Several organizations are reported to be moving quickly to take advantage of the Blunt Amendment, which is not to be confused with Virginia’s blunt instrument (Feb 27th post). Its aim is to amend current health care law to enable those with “religious or moral objections to specific items or services to decline providing them.” In a way that makes sense only in Washington, Senator Roy Blunt of Missouri has attached his legislation to Senate Bill 1813, whose purpose is to reauthorize Federal aid to highway construction programs.
The amendment, which has attracted 23 co-signers, could redefine health-care delivery:
- The First Church of Christ, Scientist could open a chain of hospitals across the country that, to comply with its religious beliefs, will offer no medical services whatsoever. They will, however, accept Medicare and Medicaid.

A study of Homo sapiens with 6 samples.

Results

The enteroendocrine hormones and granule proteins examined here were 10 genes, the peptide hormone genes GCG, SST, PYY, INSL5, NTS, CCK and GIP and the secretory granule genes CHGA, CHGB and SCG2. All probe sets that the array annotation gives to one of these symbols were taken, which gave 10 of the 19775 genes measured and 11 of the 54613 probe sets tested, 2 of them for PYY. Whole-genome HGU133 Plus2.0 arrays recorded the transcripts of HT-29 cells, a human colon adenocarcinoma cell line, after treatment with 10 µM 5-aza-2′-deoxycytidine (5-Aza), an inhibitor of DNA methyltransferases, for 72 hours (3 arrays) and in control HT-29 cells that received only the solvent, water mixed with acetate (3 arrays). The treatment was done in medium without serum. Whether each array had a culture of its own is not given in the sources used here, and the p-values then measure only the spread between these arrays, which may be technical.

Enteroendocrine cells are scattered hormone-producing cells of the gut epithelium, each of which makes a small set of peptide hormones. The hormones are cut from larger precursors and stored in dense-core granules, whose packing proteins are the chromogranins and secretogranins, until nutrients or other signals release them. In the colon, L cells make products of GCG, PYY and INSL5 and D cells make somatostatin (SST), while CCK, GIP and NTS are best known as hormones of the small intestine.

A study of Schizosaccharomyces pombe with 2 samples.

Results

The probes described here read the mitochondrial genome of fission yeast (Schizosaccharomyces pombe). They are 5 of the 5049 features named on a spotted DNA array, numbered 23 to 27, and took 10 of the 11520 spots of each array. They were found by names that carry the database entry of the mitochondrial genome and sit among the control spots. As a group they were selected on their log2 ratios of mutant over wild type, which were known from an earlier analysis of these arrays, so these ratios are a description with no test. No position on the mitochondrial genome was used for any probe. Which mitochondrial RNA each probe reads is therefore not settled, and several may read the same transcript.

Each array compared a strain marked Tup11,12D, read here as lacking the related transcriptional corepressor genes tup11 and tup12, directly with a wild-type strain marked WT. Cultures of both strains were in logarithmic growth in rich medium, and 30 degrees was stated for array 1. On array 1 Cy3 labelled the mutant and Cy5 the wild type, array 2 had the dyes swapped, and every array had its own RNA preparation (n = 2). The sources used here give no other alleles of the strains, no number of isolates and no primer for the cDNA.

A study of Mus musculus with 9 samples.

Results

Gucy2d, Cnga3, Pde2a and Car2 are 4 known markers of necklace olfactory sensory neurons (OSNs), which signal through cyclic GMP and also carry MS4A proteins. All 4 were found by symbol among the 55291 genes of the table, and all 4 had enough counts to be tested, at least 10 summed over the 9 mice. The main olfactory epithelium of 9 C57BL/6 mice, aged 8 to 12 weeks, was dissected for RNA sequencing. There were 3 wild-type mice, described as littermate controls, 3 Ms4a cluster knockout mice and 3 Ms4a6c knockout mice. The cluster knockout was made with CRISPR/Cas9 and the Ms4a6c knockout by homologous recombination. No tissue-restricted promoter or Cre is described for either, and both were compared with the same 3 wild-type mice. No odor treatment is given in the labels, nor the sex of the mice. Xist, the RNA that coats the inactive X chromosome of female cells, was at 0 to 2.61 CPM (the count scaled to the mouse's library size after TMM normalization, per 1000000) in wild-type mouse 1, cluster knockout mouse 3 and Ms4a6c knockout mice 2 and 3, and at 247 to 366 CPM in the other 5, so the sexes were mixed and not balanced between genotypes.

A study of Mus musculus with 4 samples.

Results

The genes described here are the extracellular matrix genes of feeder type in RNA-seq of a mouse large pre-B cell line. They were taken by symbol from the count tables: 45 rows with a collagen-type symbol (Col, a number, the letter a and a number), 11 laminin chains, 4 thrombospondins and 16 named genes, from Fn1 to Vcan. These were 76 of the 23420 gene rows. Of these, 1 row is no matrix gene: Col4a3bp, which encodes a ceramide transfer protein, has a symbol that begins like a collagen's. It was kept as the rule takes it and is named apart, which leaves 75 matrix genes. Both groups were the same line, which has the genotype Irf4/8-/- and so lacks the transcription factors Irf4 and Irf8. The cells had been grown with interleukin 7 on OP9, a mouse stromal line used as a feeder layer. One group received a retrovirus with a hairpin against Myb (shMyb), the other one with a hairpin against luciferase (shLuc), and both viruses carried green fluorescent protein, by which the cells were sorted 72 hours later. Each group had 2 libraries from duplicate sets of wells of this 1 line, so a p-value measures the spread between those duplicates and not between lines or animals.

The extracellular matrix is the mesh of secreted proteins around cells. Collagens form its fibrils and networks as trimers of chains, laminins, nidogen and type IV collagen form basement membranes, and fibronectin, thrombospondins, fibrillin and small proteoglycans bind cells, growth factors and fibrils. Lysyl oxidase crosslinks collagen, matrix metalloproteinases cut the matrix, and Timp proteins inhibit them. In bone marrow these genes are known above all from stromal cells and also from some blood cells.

- To expedite its program of posthumous baptisms (Feb. 24th post), the Mormon Church could install baptismal pools adjacent to wards for the terminally ill.
- While the Archdiocese of Philadelphia will provide no contraceptives in its pedophilia treatment centers, it could install large shredders to ensure confidentiality (http://articles.philly.com/2012-02-25/news/31098596_1_church-lawyers-abuse-complaints-priests).
- The Shriners, however, would seem to have an issue. Although the organization has operated outstanding children’s hospitals for decades, some believe that any group whose members wear a red fez and worship in a temple must be Muslims – the one religion to which the Blunt Amendment probably does not extend. I mean, look at the logo.
And the organization’s name change from the Ancient Arabic Order of the Nobles of the Mystic Shrine to Shriners International will probably not fool the senators – who know that international is just another word for un-American.